French rights groups slam plans for migrant charter to Kabul

7th October 2009, Comments 0 comments

French rights groups and the left-wing opposition Tuesday slammed government plans to deport dozens of Afghan migrants rounded up in the port of Calais, reportedly on a joint charter flight with Britain.

Riot police detained scores of mostly Afghan migrants last month, many of them minors, when they bulldozed a makeshift camp called the "jungle" that was used as a base to cross the Channel to Britain.

French Immigration Minister Eric Besson told Le Monde newspaper on Monday that charter flights would leave in the coming days to deport failed asylum seekers.

President Nicolas Sarkozy said after the raid on 22 September that Paris and London would mount joint charter flights to deport the migrants, the first by the two countries since 2005.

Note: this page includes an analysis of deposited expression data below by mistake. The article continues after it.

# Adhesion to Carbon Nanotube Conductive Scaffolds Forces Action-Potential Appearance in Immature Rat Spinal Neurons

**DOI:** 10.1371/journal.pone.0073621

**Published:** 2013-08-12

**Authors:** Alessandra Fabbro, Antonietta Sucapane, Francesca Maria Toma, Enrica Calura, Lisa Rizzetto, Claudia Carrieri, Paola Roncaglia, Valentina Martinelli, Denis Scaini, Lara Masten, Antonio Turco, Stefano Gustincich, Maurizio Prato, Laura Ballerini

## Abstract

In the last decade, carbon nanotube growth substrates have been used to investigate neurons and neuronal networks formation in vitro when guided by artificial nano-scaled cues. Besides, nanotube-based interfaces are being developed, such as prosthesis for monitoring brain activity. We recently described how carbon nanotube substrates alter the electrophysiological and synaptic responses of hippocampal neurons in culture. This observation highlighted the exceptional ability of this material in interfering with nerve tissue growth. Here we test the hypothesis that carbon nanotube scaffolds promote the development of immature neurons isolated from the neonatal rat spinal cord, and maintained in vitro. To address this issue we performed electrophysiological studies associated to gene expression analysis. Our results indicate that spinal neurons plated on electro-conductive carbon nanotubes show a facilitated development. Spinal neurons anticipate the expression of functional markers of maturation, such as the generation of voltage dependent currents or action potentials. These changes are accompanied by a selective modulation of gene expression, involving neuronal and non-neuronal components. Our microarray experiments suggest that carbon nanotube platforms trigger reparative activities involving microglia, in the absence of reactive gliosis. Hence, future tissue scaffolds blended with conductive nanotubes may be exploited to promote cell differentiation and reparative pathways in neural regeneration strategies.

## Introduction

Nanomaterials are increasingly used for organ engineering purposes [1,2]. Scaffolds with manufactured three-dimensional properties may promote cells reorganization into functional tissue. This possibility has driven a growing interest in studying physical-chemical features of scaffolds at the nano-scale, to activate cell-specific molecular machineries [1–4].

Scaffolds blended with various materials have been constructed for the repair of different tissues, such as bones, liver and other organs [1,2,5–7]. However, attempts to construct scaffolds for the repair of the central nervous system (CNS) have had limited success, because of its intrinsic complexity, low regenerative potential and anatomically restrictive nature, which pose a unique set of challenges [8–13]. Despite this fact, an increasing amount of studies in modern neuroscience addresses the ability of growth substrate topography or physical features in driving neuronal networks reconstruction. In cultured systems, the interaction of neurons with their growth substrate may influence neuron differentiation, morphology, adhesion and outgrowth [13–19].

Besson's ministry denied a claim from an aid group saying that a Franco-British charter was to leave London for Kabul on Tuesday night, stopping to pick up 10 migrants in northern France.

But the Cimade migrant support group and some 30 other associations issued a joint call for the government to abandon its plans for charters to Kabul.

"Afghanistan is a country at war. It is unacceptable to send people back there who escaped to Europe in search of protection," they wrote.

About 276 migrants were detained in the 22 September Calais raid, but judges in the various towns where they were sent to detention centres have ordered around 100 of them to be released over rights breaches.

But Besson told Le Monde that Sarkozy was determined the charter flights would go ahead.

"The head of state was categorical... in saying that the dismantling of the Calais “jungle” must be followed with repatriations, or else we will never settle this problem," Besson said.

Britain, which last year stopped 28,000 migrants trying to cross the 35 kilometres (22 miles) of water separating it from France, praised the raid.

But activists denounced it as a media stunt that would drive migrants further underground.

Rather than rounding up migrants, both the UN High Commissioner for Refugees and the EU's justice commissioner say the priority should be to offer full and fair asylum rights to migrants across the European Union.